ConclusionWe were curious to see how well a cheap B350 motherboard could run the latest and greatest 12-core, 24-thread Ryzen 9 3900X and were pleasantly surprised that there was no smoke, or sparks flying — it just works. Actually, I'm impressed with how well this two-generation-old platform can run the newest processor—thank you, AMD. Intel would have definitely charged us for a new chipset—twice.
Using the latest BIOS update, which adds Ryzen 3000 processor compatibility, setup was a breeze, no major issues to report. All AMD BIOSes use a software component called "AGESA", which is provided by AMD to the motherboard vendors. All the vendors have to do now is add their motherboard specific features and branding—the core software remains unchanged and is controlled by AMD. This not only takes tremendous work off the motherboard vendors, it also enables AMD to centrally design, develop, test, and release updates. Such an approach not only improves software quality, it also pushes new capability to all motherboards without the motherboard vendor having to get involved, which is almost magical.
We were surprised to see the full range of overclocking, tuning, and tweaking options appear in this old motherboard's BIOS. This also goes for memory support. With the memory controller located inside the processor and AMD's AGESA providing the framework for memory settings, initialization, training, and compatibility, many memory modules that previously had issues will run infinitely better now. Can I use the word "magical" again?
Not everything is peachy, of course, as high-end motherboards are expensive for a reason. They come with seriously overbuilt VRMs, which work more efficiently and spread the heat generated during voltage conversion out over a wider area by using more components. These motherboards also include more premium heatsinks to transport the heat away. We took a closer look at VRM temperatures and were shocked that they can reach up to 140°C when B350 is paired with a powerful processor. This sounds bad at first, but the solution is: don't use watercooling.
While this might sound counterintuitive at first, it actually makes sense when you consider that an air cooler will generate some airflow around the processor's socket area, which isn't the case with watercooling. Of course, this can be mitigated with case fans, too. All we did was switch from water to air, and VRM temperatures dropped by 30°C. While they're still not nice and cool with around 110°C, they're now at a level these components are designed to withstand. It's also worth mentioning that most of the heat isn't coming from the MOSFETs themselves, but the chokes nearby. These chokes are really just metal coils in a package without any logic inside, so they are fine to get hot.
Now, the big question: should you buy a B350 motherboard for Ryzen 3000? I think it depends. If you plan on using a weaker CPU like the Ryzen 5 3600, then by all means go for it. If you want to power more powerful processors definitely keep an eye on VRM temperatures and ensure there's some airflow around them. You could probably also give the Ryzen 7 3700X a go since it has a TDP of just 65 W and beats the Core i9-9900K in various multi-threaded tests. If you insist on the 3900X, we recommend you at least pony up a few more dollars toward one of the better motherboards based on this chipset, such as the Gaming Pro Carbon series from MSI or Aorus Gaming 3 series by GIGABYTE, which offer X470-type CPU VRM solutions on motherboards priced around the $110-mark. You can pair such boards with a 3900X for endless number crunching.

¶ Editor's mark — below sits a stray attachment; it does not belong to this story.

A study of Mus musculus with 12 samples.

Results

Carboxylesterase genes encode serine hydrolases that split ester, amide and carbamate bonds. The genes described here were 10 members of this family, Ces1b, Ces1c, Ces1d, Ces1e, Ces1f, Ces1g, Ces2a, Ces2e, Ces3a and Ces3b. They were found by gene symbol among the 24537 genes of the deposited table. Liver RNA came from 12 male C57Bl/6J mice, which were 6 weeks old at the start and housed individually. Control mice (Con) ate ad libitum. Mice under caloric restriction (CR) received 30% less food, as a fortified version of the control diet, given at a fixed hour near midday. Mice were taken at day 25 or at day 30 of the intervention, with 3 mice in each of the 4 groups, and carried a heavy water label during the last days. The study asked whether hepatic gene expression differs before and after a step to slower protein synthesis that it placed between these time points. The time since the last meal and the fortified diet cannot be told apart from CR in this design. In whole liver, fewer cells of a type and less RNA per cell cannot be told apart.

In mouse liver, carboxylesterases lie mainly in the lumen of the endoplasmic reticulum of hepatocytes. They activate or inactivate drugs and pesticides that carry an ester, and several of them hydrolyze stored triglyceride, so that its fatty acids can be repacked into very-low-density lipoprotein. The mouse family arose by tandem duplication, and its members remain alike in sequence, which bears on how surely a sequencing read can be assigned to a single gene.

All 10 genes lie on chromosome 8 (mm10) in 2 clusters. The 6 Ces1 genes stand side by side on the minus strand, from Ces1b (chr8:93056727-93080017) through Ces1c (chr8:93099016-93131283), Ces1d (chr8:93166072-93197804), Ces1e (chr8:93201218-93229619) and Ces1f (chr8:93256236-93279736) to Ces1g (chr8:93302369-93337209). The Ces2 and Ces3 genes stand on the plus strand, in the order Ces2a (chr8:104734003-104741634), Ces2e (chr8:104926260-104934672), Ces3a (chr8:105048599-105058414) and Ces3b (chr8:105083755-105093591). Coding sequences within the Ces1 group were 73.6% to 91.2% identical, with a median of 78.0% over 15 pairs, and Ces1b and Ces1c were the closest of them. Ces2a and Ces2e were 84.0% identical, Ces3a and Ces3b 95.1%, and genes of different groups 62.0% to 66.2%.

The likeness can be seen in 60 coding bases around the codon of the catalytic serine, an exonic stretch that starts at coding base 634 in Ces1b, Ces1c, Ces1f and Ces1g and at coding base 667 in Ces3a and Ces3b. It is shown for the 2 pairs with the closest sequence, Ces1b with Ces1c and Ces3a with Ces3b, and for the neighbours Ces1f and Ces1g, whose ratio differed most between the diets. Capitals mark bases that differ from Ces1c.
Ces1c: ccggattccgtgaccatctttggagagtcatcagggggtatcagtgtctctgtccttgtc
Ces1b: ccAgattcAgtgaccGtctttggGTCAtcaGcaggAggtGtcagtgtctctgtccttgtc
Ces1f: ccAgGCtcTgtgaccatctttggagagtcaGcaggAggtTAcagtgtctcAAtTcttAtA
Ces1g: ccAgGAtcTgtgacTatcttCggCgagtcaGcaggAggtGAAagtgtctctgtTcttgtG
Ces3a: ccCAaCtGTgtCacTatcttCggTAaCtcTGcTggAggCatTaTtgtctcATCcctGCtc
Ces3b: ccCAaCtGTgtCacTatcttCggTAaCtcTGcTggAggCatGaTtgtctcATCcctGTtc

Another aspect of choosing the B350, or indeed any older motherboard, to go with your 3900X is that you lose out on PCI-Express gen 4.0. For the current graphics card scenario, this is irrelevant, but the lack of PCIe gen 4.0 limits your M.2 NVMe SSD upgrade path if your work environment demands fast local storage. Major SSD manufacturers already announced PCIe gen 4.0 SSDs capable of utilizing that bandwidth for transfer rates as high as 5,000 MB/s. Besides PCIe, some of the newer motherboards offer modern connectivity, such as USB 3.1 gen 2 ports, 2.5 or 10 GbE wired LAN, 802.11ax WLAN, etc., which may not be useful to you anyway.
Given how expensive X570 motherboards are, such an approach can free up cash for you to spend on a more powerful processor, better graphics card, or more memory. This makes even more sense when money is tight. It also provides a nice upgrade path if you are already on a Ryzen platform, possibly already using a B350 motherboard. Not having to purchase a new motherboard, especially at launch-day pricing, is always a good option, and it'll let you grab a Ryzen 3000 CPU immediately and look at motherboard choices later. We also tested Ryzen 3000 on X470 on launch day and saw excellent results for that combo, too.
What's also important is that "just gaming" won't stress your VRMs anywhere close to what highly threaded rendering or scientific applications will do. Even in the thermally constrained water-cooled scenario, we couldn't record any performance differences in gaming or light apps. Even with our high-end RTX 2080 Ti graphics card, we didn't notice any gaming performance difference between the B350 and X570.
AMD has done a commendable job in enabling people to save money by opting for older-generation motherboards to go with their latest processors. The AMD X570 is an expensive platform, but provides bleeding-edge connectivity. The only compelling argument for those buying a 500-series chipset motherboard is the M.2 NVMe SSD upgrade path. Perhaps when AMD releases the successor to B450, reportedly in 2020, can you have affordable motherboards with at least one M.2 slot that has PCIe gen 4.0 wiring. Until then, have at it with the B350; AMD wants you to be happy.